UK Judge ‘Reveals’ HTC One Successor In Nokia Patent Case

HTC One Two is scheduled for February or March 2014 release says judge

A High Court judge may have confirmed that HTC is preparing to launch a successor to its current flagship HTC One smartphone between February and March 2014.

The revelation emerged during the HTC’s ongoing patent dispute with Nokia, which is seeking a sales ban on the popular handset in the UK after successfully proving it infringed a patent relating to the design of a modulator used to transmit data.

During the case, Nokia presented evidence of a device in development dubbed the ‘HTC One Two’, and since HTC’s defence lawyers chose not to contradict the Finnish firm’s claim, Judge Richard Arnold assumed it must be true.

HTC One sales ban

HTC OneHe said the release window of the smartphone is crucial because HTC had argued that a sales ban on its most successful device during the Christmas period would be “catastrophic” and disproportionate given it infringed just one component out of hundreds.

Any sales ban would be a huge blow to HTC, which has received critical acclaim for the HTC One, but has not been able to translate this goodwill into sales, with the firm posting its first ever quarterly loss in October.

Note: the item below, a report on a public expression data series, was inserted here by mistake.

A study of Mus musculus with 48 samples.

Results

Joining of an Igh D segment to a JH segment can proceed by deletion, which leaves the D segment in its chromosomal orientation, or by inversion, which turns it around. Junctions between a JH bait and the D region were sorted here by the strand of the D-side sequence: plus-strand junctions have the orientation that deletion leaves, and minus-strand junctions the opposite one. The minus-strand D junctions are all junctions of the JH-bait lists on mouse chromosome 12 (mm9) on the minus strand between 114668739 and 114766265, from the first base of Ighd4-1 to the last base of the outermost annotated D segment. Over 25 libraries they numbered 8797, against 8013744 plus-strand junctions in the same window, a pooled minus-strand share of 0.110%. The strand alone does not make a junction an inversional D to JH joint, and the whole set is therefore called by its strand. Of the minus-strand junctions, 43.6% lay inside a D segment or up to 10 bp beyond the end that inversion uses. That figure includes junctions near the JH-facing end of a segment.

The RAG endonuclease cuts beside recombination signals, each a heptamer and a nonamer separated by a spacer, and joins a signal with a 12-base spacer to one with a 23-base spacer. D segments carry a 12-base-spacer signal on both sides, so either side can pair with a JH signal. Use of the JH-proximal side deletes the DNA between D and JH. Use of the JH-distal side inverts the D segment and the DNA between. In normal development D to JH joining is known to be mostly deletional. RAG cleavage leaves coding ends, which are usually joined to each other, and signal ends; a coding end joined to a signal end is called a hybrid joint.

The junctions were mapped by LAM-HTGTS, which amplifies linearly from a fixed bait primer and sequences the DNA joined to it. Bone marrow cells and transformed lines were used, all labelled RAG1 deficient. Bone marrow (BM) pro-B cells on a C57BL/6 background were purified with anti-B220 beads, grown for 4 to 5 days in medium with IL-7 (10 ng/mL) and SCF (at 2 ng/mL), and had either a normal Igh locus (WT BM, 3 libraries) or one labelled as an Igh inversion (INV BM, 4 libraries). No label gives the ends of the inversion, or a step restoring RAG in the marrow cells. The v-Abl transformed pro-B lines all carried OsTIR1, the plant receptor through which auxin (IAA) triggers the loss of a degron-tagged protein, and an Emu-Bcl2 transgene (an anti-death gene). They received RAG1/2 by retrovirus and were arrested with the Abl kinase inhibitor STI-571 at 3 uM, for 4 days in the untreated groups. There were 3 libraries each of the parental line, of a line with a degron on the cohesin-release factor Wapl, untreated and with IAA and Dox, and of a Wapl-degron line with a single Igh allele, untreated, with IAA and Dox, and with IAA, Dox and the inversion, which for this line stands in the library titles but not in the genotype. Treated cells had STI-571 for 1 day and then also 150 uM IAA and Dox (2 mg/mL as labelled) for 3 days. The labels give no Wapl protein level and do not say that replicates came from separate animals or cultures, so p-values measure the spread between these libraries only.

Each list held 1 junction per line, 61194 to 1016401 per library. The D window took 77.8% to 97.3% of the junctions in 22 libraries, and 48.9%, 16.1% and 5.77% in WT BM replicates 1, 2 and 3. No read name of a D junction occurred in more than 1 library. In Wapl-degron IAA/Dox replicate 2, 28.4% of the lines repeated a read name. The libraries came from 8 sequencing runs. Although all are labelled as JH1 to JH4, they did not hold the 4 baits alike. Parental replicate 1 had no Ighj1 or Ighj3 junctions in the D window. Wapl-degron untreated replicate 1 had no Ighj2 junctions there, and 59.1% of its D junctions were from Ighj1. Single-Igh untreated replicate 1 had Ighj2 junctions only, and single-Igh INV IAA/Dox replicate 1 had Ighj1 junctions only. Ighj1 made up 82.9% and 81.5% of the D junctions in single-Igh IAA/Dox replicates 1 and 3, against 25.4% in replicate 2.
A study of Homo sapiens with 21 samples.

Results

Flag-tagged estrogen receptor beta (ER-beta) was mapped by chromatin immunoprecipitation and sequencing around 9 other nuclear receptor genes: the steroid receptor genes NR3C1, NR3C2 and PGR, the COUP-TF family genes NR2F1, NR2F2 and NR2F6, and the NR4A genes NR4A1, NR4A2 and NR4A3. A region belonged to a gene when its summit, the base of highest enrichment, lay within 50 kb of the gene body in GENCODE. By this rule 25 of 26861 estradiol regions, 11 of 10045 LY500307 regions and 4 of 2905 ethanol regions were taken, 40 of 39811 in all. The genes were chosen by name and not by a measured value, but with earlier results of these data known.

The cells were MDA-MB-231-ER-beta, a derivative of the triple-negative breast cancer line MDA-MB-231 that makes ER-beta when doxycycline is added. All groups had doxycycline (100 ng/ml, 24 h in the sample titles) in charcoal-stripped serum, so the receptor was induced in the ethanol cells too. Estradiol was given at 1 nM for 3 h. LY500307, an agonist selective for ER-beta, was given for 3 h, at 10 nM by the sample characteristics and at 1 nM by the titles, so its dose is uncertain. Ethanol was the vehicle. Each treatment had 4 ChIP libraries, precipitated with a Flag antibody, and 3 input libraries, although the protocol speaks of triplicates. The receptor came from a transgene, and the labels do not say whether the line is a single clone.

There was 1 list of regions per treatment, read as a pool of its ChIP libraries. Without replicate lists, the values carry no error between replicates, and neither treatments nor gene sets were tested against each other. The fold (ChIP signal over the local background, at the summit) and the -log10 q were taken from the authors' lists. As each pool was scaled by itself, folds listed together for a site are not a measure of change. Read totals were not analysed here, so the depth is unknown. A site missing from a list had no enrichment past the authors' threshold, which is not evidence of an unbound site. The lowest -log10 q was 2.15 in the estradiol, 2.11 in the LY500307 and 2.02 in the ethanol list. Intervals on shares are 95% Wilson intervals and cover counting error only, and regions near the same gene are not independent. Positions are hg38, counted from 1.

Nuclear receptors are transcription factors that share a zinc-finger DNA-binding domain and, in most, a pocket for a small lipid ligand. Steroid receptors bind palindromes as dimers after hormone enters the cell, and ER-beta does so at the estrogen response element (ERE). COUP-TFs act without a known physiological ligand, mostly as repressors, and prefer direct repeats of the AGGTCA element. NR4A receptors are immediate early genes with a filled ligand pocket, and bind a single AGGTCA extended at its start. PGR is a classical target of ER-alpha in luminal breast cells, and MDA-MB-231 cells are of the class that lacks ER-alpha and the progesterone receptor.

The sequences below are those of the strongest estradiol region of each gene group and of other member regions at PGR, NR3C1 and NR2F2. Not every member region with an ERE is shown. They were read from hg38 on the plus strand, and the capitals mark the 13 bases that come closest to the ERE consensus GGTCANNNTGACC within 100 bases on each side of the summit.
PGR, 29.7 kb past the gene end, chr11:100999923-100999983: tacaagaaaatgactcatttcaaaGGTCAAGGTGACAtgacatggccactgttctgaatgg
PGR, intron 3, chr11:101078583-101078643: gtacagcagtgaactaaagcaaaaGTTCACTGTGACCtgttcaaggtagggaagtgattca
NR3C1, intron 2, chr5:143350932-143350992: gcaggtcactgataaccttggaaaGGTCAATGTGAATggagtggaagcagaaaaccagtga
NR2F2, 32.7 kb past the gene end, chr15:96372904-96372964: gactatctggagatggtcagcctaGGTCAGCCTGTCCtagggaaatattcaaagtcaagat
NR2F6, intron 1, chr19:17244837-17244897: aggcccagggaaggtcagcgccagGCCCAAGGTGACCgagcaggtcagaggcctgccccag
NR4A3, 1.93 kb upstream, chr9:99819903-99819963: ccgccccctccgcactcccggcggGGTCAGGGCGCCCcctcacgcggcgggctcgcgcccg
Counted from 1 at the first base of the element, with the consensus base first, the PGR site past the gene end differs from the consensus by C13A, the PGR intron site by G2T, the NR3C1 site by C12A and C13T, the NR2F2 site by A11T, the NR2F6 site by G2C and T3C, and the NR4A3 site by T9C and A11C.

While Arnold said he was “skeptical” of this claim, he admitted there would be a period between now and the launch data of the new smartphone, which it could not be assumed would also infringe Nokia’s parent, during which HTC would be vulnerable.

However Nokia has been granted an injunction on the smaller HTC One Mini and the Windows Phone-based 8X and 8S smartphones, although HTC is appealing that decision. In theory, the devices should be removed from sale today, but HTC has agreed not to import the offending devices until the case is resolved, meaning it could run out of stock.

HTC Nokia battle

HTC had unsuccessfully argued that the technology had been deployed in processors purchased from Qualcomm, and said it did not need to acquire a license because of a US Federal law known as the ‘exhausted doctrine’, that states a patent owner cannot sue a party that subsequently resells the item. It also pointed out that Nokia had agreed not to sue Qualcomm about the matter.

However a High Court judge said this did not affect the rights gained by Nokia when it registered the patent in Europe, adding that HTC could not have acquired more protection than Qualcomm just by purchasing its products. In any case, the chips were purchased from Qualcomm in Taiwan, making the US law irrelevant.

Nokia, whose handset division is due to be bought by Microsoft for £4.6 billion, is also taking legal action in Germany, Italy, Japan and the US, and has also taken HTC to court for a number of other alleged patent infringements.